Published by Christine Blachford

F1 Advent Calendar 2012 (Day 6) - Risky business audio waveform

Red Bull, and more specifically Adrian Newey, are well known for pushing the limits of the regulations, always striving for that little bit of extra speed, even if it means putting a design of questionable legality on the car. The team had faced a slow start to the 2012 season, particularly coming off the back of Sebastian Vettel’s super-dominant championship campaign the year before, but they weren’t just crossing their fingers and hoping for the best. Development was going on apace, and at Monaco, we’d see the first of a few regulation squabbles involving the Red Bull car.

Following the practice sessions, held on a Thursday in Monaco, Mark Webber raised his concerns that the Red Bull duo may not be able to challenge for pole position on the Saturday, saying: “We didn’t get to do as much running as we would like. That’s the way it went today, Monaco is like that.”

As it turns out, Webber needn’t have worried too much. Sebastian Vettel did struggle for pace, getting through to the final top ten session but opting not to run in Q3 and settling for tenth place. Webber, meanwhile, managed to post the second fastest time - just pipped to the top spot by Michael Schumacher, who pushed his Mercedes to go just eight hundredths of a second faster than Mark’s lap time. For Schumacher, it was all in vain, however, as the German was subsequently dropped five places for his collision with Bruno Senna at the previous race in Spain.

Webber was promoted to P1, but after qualifying it became known that three other teams weren’t happy with some innovation going on with the Red Bull floor. It was reported that McLaren, Mercedes and Ferrari were questioning a hole in the floor that was just ahead of the rear wheels - with the regulations stating there can be no holes in the floor in those areas. With both their cars potentially breaking the rules, Christian Horner had to choose whether to start the drivers from the pitlane, make some changes to the car and race through the field in the safe knowledge that they were legal, or take up their positions on the grid and risk exclusion from the event after the race was run. Well, we know what Red Bull are like.

Thus, Webber lined up at the head of the grid, and led the field away for the Monaco Grand Prix. The first lap incident came courtesy of Fernando Alonso and Romain Grosjean. The pair clipped wheels, which sent Romain into a spin and into the way of other drivers. Vettel brushed against the Lotus but avoided major damage, but Kamui Kobayashi was less fortunate. He was sent flying up into the air, coming down with a bang. The Sauber managed to continue on for five laps but ultimately had to retire. Grosjean was also out of the race, along with Pastor Maldonado and Pedro de la Rosa.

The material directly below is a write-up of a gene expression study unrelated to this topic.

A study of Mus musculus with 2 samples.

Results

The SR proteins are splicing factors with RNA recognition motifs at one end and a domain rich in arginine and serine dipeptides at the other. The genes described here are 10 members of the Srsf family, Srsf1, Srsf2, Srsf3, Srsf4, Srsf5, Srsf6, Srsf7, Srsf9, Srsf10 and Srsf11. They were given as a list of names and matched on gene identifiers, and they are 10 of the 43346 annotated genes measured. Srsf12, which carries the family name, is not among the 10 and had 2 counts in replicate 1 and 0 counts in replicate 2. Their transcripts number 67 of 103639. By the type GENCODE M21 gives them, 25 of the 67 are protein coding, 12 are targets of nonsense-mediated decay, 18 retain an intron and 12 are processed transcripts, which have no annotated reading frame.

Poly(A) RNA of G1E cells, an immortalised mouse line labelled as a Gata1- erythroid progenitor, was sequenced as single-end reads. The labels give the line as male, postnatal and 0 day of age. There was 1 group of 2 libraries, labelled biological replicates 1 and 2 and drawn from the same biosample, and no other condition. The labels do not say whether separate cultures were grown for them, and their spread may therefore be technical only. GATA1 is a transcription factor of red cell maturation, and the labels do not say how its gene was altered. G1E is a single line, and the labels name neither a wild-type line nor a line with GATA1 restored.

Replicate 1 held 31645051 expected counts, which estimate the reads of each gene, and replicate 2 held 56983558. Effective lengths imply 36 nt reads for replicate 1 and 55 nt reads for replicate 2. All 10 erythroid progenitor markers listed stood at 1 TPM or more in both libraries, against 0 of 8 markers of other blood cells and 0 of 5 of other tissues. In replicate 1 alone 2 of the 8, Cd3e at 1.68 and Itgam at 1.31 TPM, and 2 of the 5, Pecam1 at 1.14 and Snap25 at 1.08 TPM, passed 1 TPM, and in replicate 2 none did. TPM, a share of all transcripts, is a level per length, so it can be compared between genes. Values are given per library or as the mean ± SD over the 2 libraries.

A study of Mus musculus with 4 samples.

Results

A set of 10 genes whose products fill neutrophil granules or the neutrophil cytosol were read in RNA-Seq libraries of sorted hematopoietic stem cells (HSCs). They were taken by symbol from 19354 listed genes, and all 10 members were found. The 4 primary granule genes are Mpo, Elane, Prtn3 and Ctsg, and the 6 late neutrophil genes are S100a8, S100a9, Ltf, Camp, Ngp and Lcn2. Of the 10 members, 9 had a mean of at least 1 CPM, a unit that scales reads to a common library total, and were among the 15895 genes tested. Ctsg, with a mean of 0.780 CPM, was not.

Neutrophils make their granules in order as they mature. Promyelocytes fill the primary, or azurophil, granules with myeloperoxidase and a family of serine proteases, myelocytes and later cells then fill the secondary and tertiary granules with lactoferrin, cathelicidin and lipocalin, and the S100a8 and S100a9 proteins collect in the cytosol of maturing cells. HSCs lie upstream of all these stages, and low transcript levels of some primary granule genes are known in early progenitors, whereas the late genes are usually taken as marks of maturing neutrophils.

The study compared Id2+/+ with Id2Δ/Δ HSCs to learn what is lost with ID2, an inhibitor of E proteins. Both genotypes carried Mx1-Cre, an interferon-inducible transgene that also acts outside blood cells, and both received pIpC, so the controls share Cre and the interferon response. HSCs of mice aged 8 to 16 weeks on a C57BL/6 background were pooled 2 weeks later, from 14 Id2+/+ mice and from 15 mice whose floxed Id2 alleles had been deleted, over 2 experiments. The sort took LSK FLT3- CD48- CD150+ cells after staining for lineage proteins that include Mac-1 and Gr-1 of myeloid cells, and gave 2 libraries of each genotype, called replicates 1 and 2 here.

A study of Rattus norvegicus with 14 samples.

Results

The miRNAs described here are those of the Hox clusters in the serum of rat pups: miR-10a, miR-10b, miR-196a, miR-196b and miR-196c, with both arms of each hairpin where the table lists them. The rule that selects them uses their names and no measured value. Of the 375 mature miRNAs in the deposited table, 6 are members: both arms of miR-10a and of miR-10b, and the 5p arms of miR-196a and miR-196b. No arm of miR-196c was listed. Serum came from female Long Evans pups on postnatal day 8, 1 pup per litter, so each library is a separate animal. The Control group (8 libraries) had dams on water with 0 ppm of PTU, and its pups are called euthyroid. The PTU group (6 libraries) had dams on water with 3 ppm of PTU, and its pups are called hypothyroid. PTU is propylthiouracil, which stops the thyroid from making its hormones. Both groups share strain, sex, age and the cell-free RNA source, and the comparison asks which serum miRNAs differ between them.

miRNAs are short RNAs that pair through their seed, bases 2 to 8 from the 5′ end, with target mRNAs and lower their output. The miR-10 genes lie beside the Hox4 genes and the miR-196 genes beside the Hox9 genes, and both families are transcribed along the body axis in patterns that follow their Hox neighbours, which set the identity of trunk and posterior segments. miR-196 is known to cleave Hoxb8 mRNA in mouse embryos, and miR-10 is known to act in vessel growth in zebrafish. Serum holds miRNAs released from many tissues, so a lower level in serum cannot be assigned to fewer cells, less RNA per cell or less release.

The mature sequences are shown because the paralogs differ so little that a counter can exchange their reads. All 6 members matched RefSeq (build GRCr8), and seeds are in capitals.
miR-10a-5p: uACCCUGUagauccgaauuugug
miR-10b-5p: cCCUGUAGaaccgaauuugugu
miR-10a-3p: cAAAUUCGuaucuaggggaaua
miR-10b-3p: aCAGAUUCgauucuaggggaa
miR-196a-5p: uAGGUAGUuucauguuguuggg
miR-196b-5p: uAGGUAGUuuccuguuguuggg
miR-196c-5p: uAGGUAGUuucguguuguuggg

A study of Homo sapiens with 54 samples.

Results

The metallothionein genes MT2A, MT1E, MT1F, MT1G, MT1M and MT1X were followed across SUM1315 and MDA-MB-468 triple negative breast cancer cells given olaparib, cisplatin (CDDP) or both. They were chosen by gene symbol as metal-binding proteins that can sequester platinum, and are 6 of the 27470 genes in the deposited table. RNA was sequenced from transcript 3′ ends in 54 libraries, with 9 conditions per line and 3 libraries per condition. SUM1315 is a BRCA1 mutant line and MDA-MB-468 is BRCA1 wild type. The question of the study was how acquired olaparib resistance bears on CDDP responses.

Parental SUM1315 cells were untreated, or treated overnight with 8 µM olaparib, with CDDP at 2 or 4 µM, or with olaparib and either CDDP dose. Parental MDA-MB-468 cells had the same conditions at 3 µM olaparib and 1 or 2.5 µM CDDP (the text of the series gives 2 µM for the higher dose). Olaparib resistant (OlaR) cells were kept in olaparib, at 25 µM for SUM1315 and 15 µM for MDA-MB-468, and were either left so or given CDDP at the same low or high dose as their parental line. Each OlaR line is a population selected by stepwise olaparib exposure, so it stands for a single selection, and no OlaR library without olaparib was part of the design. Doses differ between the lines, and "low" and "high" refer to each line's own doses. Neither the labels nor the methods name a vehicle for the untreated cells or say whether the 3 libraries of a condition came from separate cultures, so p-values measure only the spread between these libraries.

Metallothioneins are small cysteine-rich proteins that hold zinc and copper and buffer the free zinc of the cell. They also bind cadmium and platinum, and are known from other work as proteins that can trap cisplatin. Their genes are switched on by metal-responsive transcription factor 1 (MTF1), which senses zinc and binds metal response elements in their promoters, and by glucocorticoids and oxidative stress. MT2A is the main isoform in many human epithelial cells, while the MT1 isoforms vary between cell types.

The two had been involved in their own separate incident when Maldonado crashed into the back of the HRT driver. He had been dropped ten grid places in qualifying due to a crash with Sergio Pérez in practice, and then he had a subsequent five place drop as well for a gearbox change. From the back of the field, he braked too late, hit the HRT and both retired from the race.

The Safety Car made an appearance as the first lap tangles were sorted out, and the restart saw Webber leading from Nico Rosberg. They made it to the chequered flag in the same order, with Fernando Alonso joining the pair on the podium, just pipping Sebastian Vettel to third place. That promoted him three points ahead of the German in the championship standings. And if you’re following along at home, Webber’s win made him the sixth different driver to win, a fresh face on the top step of each event of the 2012 season so far. Red Bull risked being excluded from the results, but the FIA allowed them to keep their points, if not the illegal floor. More on that next time.

Thanks for listening to this episode of the F1 Advent Calendar 2012. Six episodes in, there’s plenty more still to come as we relive the 2012 season. Do join me again next time where we’ll see what highlight is hidden behind the window of Day Seven.